7 Tips to Prevent PCOS Food Cravings

You can experience food cravings with polycystic ovary syndrome (PCOS). Almost all women diagnosed with PCOS have insulin resistance (a prediabetic condition) and high levels of insulin. Often the development of insulin resistance is accompanied by intense carbohydrate cravings, which may promote overeating.

Woman eating a cupcake

Lifestyle treatment for those who are obese and have PCOS includes a weight loss diet, which becomes even more of a challenge when you are prone to food cravings. Here are seven tips to prevent food cravings:

Don’t Skip Meals

To best regulate your blood sugar with PCOS, eat every three to five hours. When you’re hungry, you’re much more likely to want sugary foods. That’s because the longer you go without food, the lower your blood sugar gets. Sugary foods quickly enter the bloodstream and raise blood sugar levels—so when you're hungry, your body and brain will tell you that these foods are especially attractive.

Avoid Sugary and Processed Foods

Processed or sugary foods (baked goods, candy, bagels, flavored beverages) are quickly broken down in your gastrointestinal system and absorbed into the bloodstream. They rapidly raise blood sugar levels, leaving them to plummet soon after. That’s when cravings can arise.

In contrast, whole grain foods such as quinoa, oats, and brown rice take longer for the body to break down and absorb, resulting in a more gradual blood sugar regulation.

Focus on Protein

If you’re constantly having food cravings, not having enough protein at your meals could be one of the contributing causes. Protein foods don’t raise insulin levels to the degree that carbohydrate foods do. Having sufficient protein at meals can help stabilize blood sugar levels.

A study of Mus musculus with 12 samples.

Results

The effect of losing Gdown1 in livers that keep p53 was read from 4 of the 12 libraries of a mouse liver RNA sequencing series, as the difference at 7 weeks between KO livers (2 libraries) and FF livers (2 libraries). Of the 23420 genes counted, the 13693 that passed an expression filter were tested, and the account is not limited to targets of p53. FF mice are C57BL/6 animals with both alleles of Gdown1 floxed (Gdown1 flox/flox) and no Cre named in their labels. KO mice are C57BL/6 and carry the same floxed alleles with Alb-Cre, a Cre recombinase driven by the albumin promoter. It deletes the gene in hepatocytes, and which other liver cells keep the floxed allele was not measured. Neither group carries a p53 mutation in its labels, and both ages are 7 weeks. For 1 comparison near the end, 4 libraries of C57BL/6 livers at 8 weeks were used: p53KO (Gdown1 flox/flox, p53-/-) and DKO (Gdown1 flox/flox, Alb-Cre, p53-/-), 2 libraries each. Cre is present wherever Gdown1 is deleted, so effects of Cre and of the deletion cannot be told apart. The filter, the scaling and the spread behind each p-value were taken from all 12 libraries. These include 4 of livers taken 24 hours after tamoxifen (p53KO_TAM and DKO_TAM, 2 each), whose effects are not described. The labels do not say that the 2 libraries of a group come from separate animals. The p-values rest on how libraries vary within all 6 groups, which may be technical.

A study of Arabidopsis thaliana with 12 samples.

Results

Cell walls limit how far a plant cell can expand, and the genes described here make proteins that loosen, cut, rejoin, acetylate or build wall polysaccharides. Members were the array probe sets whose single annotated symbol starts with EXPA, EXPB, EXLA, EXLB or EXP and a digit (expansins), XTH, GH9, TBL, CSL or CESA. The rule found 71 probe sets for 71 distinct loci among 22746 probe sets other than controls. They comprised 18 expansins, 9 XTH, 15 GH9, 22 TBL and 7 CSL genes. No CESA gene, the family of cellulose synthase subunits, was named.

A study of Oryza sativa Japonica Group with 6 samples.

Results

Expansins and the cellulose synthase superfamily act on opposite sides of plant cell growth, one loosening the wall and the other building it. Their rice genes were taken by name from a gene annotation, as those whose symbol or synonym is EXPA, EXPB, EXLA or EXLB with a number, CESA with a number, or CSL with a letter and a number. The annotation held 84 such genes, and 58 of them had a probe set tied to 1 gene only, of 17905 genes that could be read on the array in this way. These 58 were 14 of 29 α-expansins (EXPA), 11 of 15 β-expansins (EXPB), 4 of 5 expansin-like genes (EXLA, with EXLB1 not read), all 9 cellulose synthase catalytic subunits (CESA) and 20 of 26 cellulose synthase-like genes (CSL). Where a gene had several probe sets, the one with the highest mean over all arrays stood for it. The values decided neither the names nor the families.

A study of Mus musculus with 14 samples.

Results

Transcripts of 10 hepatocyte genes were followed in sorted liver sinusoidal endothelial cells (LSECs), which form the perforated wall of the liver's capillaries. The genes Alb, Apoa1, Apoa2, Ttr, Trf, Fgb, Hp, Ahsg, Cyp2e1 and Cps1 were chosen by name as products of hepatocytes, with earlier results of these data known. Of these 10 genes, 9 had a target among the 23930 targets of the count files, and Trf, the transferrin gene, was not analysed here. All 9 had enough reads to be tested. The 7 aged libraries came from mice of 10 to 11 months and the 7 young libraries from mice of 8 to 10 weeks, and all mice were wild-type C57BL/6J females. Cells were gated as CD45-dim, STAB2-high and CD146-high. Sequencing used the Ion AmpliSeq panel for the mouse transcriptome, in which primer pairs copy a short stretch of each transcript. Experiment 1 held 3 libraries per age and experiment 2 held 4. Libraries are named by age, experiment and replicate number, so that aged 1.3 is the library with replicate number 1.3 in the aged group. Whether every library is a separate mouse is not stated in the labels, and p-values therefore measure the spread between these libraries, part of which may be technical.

Try experimenting with your food choices to see which combination of foods satisfies you the most and helps to minimize cravings. For example, in the morning, instead of your standard bowl of oatmeal or cereal, chose a higher protein meal such as eggs or a protein smoothie. If you need more guidance, consider a consultation with a registered dietitian nutritionist.

Don’t Buy Tempting Foods

Do you find that, despite your best efforts, unhealthy foods make it home from the grocery store? If you know you can’t have tempting food at home because it’ll be gone soon after it enters your house, don’t buy it. When food shopping, avoid aisles where tempting food is, and don’t food shop when you’re hungry.

Having groceries delivered or ready for pick-up can also help you avoid buying foods that will sabotage your dietary plans.

Exercise Regularly

Physical activity is an effective way to manage stress. For some people, stress is a major contributing factor to food cravings. Doing activities that promote mindfulness, like walking or yoga, can help you to tune into your emotions and prevent cravings.

Ask If You’re Hungry

Before eating foods that aren't good for your health goals, stop and ask yourself this one question: Am I hungry? If the answer is no, there's a chance that your food craving is due to an emotional reason. Eating will only temporarily calm, soothe, or distract you from what you’re really feeling.

Instead, sit with your feelings, as uncomfortable as they may be, to see what’s really affecting you.

Take an Insulin-Sensitizer

If you’ve tried the tips above and still experience strong and frequent cravings, it could be that you have undiagnosed diabetes. This means your body isn’t regulating your blood sugar as well as it should be. Talk to your healthcare provider about getting glucose levels tested and discuss whether taking an insulin-sensitizing medication such as metformin may be an option for you.

Also, discuss with your healthcare provider whether the dietary supplement inositol may be beneficial. In some studies, inositol has also been shown to lower insulin and improve glucose levels in women with PCOS and it could help reduce your food cravings.

5 Sources
Verywell Health uses only high-quality sources, including peer-reviewed studies, to support the facts within our articles. Read our editorial process to learn more about how we fact-check and keep our content accurate, reliable, and trustworthy.
 Angela Grassi, MS, RDN, LDN, is the founder of the PCOS Nutrition Center.